Gannon community in mourning

Gannon community in mourning

Gannon University community members have found themselves grief-stricken by the loss of a student for the fourth time in four years following the unexpected death of Mohammed Albogami, a freshman respiratory care major.

Albogami, who was a 21-year-old native of Saudi Arabia, was found Thursday afternoon inside his off-campus residence.

The Erie County Coroner’s Office said the death occurred due to natural causes, but also stated that a more definitive cause will be released by the end of this week.

After learning of Albogami’s death, university officials established and maintained communication with Albogami’s family in Saudi Arabia, as well as with the Saudi Cultural Mission. Together, they decided that his final arrangements would take place at home in his native land.

The International Student Office and the Office of Mission and Ministry have been working in conjunction with the Saudi Student Association to offer support to Albogami’s family and friends.

Grief-counseling support is being offered by the Office of Health and Counseling Services for any students who are having trouble dealing with Albogami’s death. In addition, the International Student Office is coordinating outreach to Saudi students throughout the weeks ahead as the grieving process takes place.

In an attempt to show support and empathy to Albogami’s family, the university had a prayer service Monday night that was followed by a buffet consisting almost exclusively of Middle-Eastern cuisine.

The service began with a blessing, a moment of silence and a prayer led by the Rev. Michael Kesicki, associate vice president for Mission and Ministry.

Kesicki said he was extremely honored that he could help to pay homage to Albogami’s life through his participation in the service, and he was more than happy to be with the Saudi Student Association in friendship during its time of suffering and grief.

Kesicki’s prayer was followed by a number of members of the Saudi Student Association who read passages from the Quran.

University President Keith Taylor, Ph.D., who spoke at the end of the service, offered a few thoughts on Albogami’s passing.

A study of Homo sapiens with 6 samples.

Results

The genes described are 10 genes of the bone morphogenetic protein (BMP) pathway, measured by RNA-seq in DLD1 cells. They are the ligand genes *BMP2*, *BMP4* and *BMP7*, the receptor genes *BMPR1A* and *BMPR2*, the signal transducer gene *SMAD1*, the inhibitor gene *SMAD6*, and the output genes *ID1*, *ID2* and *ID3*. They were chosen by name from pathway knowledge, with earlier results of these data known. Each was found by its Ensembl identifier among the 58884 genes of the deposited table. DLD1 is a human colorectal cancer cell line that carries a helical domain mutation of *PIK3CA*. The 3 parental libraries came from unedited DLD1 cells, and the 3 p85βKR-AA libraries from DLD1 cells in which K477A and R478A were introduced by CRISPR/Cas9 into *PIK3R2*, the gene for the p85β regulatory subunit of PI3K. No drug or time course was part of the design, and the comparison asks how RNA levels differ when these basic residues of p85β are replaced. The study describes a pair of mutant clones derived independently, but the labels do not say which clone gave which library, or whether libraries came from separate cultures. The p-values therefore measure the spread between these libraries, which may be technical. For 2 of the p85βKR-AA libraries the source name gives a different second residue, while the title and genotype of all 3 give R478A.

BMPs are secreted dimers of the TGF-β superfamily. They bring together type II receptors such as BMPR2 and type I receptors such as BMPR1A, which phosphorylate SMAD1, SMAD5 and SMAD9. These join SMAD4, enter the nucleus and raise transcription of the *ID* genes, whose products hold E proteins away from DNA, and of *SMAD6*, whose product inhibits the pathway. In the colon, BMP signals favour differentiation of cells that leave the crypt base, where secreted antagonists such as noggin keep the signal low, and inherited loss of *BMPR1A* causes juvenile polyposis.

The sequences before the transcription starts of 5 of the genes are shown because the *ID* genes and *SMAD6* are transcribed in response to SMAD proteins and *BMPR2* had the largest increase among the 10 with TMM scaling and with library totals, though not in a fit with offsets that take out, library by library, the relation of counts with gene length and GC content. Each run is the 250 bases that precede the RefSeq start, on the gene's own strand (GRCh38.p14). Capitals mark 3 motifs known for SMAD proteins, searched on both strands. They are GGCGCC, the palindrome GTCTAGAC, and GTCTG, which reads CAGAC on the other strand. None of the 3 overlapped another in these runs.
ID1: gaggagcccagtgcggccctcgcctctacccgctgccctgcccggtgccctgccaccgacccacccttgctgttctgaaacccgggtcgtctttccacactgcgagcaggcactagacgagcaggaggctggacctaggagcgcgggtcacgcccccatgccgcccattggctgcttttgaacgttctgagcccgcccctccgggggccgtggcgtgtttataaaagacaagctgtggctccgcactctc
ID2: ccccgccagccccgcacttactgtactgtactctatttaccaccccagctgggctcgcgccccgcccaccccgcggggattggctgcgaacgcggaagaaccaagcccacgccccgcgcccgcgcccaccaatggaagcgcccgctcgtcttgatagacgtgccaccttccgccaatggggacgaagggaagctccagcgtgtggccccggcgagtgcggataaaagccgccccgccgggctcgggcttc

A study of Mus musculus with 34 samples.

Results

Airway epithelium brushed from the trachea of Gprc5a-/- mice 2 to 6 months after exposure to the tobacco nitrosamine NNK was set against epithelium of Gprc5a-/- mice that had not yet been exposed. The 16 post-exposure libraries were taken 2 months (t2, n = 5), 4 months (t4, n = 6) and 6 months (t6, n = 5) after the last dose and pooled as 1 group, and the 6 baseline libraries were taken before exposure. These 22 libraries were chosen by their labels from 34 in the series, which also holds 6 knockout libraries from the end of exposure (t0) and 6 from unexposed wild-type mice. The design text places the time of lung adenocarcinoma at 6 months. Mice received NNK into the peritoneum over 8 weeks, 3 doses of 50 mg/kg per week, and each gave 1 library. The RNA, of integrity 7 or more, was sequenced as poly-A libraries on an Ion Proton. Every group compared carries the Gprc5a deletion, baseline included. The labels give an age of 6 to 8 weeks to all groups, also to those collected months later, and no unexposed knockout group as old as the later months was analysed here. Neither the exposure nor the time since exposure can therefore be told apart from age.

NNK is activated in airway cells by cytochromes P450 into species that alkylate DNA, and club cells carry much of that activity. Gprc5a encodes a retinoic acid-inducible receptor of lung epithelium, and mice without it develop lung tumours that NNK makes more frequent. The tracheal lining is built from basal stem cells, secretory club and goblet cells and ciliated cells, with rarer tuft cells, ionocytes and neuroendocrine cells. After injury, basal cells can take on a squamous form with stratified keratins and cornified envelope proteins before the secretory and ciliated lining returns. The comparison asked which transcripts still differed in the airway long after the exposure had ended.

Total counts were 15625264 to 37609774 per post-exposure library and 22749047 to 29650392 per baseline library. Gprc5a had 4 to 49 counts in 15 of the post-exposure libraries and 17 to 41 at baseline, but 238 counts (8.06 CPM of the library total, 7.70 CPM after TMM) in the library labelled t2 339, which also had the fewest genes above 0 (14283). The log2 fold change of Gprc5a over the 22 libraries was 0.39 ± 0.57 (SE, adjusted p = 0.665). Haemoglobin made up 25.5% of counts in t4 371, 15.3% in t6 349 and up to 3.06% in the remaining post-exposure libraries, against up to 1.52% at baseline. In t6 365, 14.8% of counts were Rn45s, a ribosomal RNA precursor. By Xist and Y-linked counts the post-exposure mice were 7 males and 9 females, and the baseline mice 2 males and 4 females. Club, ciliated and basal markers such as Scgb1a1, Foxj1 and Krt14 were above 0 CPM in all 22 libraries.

“We’ve had tragedy at Gannon before and we will have tragedy again,” he said. “It never gets easier and each time is very difficult, but I think the way we come together as a community when things like this happens is really amazing.”

Taylor said he had the opportunity to speak with Albogami’s father on the telephone – a conversation that had to be translated by two Saudi Arabian students – and although it was a very emotional discussion, he said he was taken a back by how gracious and faith-filled he remained despite the situation at hand.

   “Situations like this that are out of everyone’s control are especially challenging for me as a parent,” he said, “and I am very impressed with how stoic his father has remained through it all.”

At the end of the day, though, Taylor said there was one important message he thought should be taken from this tragic time.

“Many members of the Gannon community are grieving and suffering a great deal,” he said. “The important thing, though, is that we are all here for each other and getting through it together.

“At Gannon, all you have to do is reach out, and someone will be there to help you back up.”

Those looking to offer their condolences can contact the Office of Mission and Ministry, which is sponsoring a collection in memory of Mohammed Albogami.

All donations will be used to support the Saudi student community in Erie, and will be accepted in the Mission and Ministry Office in Keim Commons during the course of the next three weeks.